Four nurses with more than 70 years’ experience combined have been recognised today as part of the Mackay Hospital and Health Service International Nurses Day award celebrations.
2020 Year of the Nurse and Midwife Award winner Amanda Cowan spends her days as a Clinical Nurse in Telehealth for Whitsunday Health Service. She has been at Proserpine Hospital for many years armed with a valuable skill set across all areas of the rural environment. Her knowledge and commitment to improving the health of her community shows in the success of the telehealth service she helped establish in the Whitsundays.
McFadzen Award winner Lisa Byrne has been described as a true nurse who is selfless and compassionate. She is an educator across Mackay Base Hospital medical F2 and F0 wards helping new nurses develop clinical skills, while showing kindness and care to patients.
Nurse Specialty Award winner Susanne Murray has been nursing for 50 years, with the last 12 years at Sarina Hospital as a rural generalist nurse. In her spare time Sue actively gives to many worthwhile causes, volunteering as a nurse in Nepal, Cambodia and Papua New Guinea. She is also a licensed x-ray operator.
CQUniversity 2019 Graduate of the Year winner Stephen Minger may be at the start of his career but has already shown he is a proactive and positive team player who is always delivering high-quality care. Stephen has already secured a position post graduate year due to his constant demonstration of high-quality care.
Mackay Hospital and Health Service Chief Executive Jo Whitehead said the health service was honoured to put a spotlight on the work done by nurses especially during these unprecedented times.
“The novel coronavirus (COVID-19) pandemic just highlights how important our nurses are in protecting the health of our patients and broader community,” she said.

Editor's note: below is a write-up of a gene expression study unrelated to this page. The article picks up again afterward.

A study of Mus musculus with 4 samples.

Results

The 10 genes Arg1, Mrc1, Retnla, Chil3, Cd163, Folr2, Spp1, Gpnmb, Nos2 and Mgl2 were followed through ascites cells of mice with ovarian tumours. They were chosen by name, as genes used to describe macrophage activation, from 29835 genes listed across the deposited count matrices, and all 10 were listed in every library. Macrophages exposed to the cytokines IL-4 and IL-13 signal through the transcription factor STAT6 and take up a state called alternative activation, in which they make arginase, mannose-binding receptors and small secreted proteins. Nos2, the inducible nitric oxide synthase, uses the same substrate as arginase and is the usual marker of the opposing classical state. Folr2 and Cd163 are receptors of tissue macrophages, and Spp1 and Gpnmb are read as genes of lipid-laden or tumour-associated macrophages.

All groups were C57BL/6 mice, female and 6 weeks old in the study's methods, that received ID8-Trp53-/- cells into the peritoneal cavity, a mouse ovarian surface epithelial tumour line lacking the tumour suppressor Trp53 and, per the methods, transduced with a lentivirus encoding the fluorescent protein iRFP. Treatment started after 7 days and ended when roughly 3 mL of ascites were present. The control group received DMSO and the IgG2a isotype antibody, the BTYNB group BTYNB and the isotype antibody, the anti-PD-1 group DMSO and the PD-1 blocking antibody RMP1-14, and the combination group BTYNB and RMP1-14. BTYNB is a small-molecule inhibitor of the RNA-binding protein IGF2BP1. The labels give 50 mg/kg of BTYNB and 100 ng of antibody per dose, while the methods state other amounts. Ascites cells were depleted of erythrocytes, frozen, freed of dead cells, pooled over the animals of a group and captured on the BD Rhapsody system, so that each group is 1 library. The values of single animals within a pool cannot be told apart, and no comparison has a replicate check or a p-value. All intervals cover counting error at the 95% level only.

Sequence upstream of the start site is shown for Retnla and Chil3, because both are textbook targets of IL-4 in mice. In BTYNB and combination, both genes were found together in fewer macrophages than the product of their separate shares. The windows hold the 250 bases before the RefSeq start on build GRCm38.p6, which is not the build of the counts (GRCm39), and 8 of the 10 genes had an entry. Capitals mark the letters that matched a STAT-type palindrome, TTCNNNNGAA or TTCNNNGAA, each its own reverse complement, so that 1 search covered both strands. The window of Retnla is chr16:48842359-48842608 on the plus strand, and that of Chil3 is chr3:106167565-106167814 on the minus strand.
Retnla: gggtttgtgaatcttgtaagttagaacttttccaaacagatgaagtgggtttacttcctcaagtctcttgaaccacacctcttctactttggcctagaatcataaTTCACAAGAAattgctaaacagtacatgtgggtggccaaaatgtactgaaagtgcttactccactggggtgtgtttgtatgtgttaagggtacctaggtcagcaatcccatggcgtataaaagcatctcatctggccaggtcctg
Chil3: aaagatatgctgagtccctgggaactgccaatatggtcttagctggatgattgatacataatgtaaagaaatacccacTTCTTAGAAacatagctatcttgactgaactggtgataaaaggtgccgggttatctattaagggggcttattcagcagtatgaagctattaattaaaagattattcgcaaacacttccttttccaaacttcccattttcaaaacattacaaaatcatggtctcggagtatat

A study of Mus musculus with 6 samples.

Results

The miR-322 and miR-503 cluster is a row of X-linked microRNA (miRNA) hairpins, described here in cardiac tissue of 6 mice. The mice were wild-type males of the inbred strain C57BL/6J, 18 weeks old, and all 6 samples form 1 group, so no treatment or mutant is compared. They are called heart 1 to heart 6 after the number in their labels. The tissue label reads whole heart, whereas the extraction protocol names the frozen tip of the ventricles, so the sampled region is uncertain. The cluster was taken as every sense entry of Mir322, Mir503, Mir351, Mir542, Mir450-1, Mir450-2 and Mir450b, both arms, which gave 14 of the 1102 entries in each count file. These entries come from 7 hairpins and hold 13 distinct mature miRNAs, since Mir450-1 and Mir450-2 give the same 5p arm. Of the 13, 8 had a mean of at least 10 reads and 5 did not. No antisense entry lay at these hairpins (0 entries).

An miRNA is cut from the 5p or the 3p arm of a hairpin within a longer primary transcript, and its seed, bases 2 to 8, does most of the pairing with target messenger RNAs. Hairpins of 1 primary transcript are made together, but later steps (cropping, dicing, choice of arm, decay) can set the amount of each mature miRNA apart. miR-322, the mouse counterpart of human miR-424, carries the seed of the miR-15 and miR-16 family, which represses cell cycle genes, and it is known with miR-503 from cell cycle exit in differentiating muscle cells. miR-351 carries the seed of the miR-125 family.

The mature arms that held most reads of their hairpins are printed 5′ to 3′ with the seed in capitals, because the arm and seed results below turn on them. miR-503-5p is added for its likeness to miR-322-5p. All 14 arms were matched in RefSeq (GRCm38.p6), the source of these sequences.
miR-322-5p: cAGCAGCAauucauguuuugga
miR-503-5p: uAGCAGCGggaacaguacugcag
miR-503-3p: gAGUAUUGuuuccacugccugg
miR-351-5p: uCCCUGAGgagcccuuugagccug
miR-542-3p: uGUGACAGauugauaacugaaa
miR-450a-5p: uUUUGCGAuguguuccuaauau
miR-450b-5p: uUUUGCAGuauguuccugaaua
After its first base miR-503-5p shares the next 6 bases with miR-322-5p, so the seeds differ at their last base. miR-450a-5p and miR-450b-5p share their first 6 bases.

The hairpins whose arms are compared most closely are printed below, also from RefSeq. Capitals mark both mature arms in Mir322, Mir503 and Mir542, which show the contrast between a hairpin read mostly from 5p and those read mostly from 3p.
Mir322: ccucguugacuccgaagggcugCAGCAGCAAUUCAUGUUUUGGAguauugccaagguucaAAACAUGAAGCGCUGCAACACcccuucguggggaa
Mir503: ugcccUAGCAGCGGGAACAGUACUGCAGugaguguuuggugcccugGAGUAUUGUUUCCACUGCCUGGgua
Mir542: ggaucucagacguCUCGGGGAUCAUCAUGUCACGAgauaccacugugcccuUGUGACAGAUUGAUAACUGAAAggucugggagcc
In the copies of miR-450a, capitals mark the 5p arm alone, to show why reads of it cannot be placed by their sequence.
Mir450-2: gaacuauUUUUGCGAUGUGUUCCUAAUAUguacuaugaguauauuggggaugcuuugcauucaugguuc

“With more than 1,200 nurses working across the health service they provide care in a range of settings from in our hospitals and community health facilities to working out in the field in public health.
“This annual awards ceremony is our way of offering nurses a heartfelt thanks for all that they do.”
Executive Director of Nursing and Midwifery Julie Rampton said often a thankless job, nurses left a lifelong impression on their patients and families.
“Nurses are often the first person a patient meets when coming to our facilities and the last they see before going home,” she said.
“They are teachers, advocates, caregivers, problem solvers and innovators. Nursing is a true calling and the heart and soul of our healthcare system.”
The World Health Organisation has designated 2020 as Year of the Nurse and Midwife, recognising the vital role of nurses in transforming healthcare around the world. It also is in honour of the 200th anniversary of Florence Nightingale’s birth.
Each year, Mackay Hospital and Health Service marks International Nurses Day (12 May) with an awards presentation that this year will be delivered via Video Conference due to social distancing measures.